Internet search engine, DuckDuckGo, wrote an article on how to protect yourself when using a Linux distribution. While they covered some excellent points, one glaring exception they didn’t mention was web security. Particularly security within the web browser.

The blog offered advice such as switching from an administrator account to standard, scanning for rootkits, and keeping your system up-to-date. More can be read here.

Being a search engine, the web should be their number one priority.

Here are some extensions one should consider to be protected from threats.

For Chrome and Firefox:

1.) Chrome: HTTPS Everywhere. Firefox: HTTPS Everywhere.

HTTPS Everywhere.

Made by the Electronic Frontier Foundation, this extension encrypts all websites that support the HTTPS protocol, ensuring your information is kept secure and not transferred in plain text.

2.)  Chrome: Privacy Badger. Firefox: Privacy Badger.

Privacy Badger by the EFF.

Also by the EFF: Privacy Badger.

When you visit your favorite social media sites and leave for another page, these sites often leave trackers to spy on your browsing habits. These trackers are used for advertisements that are served to you.

If you shop for shoes and see an ad on your Facebook news feed, a tracker has analyzed your browsing habits.

You can stop these trackers by installing Privacy Badger.

3.) For Chrome: uBlock Origin. For Firefox: uBlock Origin.

uBlock Origin shield logo.

The lighter, less CPU intensive, version of Adblock Plus. uBlock Origin is a fork of the original uBlock adblocker. The goal of this extension is to be lightweight on resources while also blocking those pesky ads.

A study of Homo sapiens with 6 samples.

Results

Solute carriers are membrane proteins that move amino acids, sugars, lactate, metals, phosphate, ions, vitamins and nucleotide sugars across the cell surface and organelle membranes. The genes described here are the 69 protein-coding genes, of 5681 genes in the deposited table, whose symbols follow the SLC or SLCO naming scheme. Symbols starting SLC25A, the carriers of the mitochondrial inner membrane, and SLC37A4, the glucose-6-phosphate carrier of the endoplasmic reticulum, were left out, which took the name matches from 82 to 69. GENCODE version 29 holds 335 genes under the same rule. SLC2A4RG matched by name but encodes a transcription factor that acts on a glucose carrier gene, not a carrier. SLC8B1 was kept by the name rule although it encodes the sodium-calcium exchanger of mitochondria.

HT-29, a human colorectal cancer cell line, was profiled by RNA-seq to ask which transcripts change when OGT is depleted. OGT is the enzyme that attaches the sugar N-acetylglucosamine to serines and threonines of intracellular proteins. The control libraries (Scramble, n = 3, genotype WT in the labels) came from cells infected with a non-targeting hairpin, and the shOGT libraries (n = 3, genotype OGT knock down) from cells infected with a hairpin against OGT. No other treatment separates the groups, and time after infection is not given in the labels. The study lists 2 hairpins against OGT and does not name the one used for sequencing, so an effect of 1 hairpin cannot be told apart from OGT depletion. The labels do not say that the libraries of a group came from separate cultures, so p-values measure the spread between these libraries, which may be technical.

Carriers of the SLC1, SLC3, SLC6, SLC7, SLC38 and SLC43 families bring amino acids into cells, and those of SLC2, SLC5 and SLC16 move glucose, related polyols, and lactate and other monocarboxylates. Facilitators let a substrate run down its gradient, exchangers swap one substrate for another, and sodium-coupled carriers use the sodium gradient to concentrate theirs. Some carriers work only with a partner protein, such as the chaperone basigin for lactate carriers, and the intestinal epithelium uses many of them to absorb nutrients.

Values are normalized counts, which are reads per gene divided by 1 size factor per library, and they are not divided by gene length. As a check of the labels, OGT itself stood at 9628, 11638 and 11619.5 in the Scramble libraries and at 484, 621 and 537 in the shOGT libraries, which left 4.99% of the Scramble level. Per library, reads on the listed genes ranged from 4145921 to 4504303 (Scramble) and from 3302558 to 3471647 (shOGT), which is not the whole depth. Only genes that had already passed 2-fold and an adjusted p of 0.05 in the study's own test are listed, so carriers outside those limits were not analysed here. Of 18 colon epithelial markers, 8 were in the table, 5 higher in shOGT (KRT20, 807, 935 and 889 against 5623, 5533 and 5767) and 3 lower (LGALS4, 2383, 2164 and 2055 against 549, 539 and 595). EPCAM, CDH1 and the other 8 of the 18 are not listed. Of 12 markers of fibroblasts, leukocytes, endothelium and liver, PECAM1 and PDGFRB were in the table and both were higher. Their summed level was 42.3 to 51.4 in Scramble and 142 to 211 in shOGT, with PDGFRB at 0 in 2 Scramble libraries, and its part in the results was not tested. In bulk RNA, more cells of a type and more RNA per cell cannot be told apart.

On top of installing Privacy Badger, you will never see ads again. If you encounter websites that won’t let you continue browsing their website unless you disable uBlock, you can enable extra third party filters to block those warning pages.

To do that, you must click the uBlock shield to the right of your address bar, click the gear icon to the left, go to third party filters and enable “Adblock Warning Removal List” and “Anti-Adblock Killer.” Instructions for Firefox should largely be the same.

4.) For Chrome: Script Safe – A NoScript Alternative for Chrome.  For Firefox: NoScript.


Script Safe blocks certain scripts from running that aren’t in your white list. Only want scripts from Amazon to run? No problem. Script Safe settings sync and will remember the scripts you allow.

NoScript for Firefox operates in the same matter as Script Safe for Chrome.

Keep in mind disabling all scripts will cause most websites to become unusable.

Special mention – Chrome only: Private Internet Access.


PIA is a no-log VPN that protects your browsing data. The VPN includes a service called PIA MACE which blocks ads and trackers. The proxy extension can also block WebRTC and Flash content as well as access to your webcam, mic, and location if you choose to enable it.

Plans start from $6.95/month for monthly plans or $3.33/month for the yearly plan.

Windows/Mac/Linux VPN clients are also available.

Special mention – Firefox only: Tor Browser.

The Tor Browser logo.


The Tor browser relays your traffic across a distributed network that’s run by volunteers.

Upon first launch, you can customize the security level of the Firefox-based browser. I highly recommend choosing the max settings.

You can install the add-ons mentioned above to better protect your browsing habits.

These extensions protect your browsing habits, but they’re not a perfect solution. They do the job and that’s it. The best security is common sense. Use DuckDuckGo instead of Google. Be careful about your browsing habits and don’t do anything illegal.

If you’re still extremely paranoid about security, the best method is not browsing the Internet at all and unhook from the digital life. Sounds like a challenge.

If you’re up to it (and are a madman), then feel free to disconnect. The choice is yours.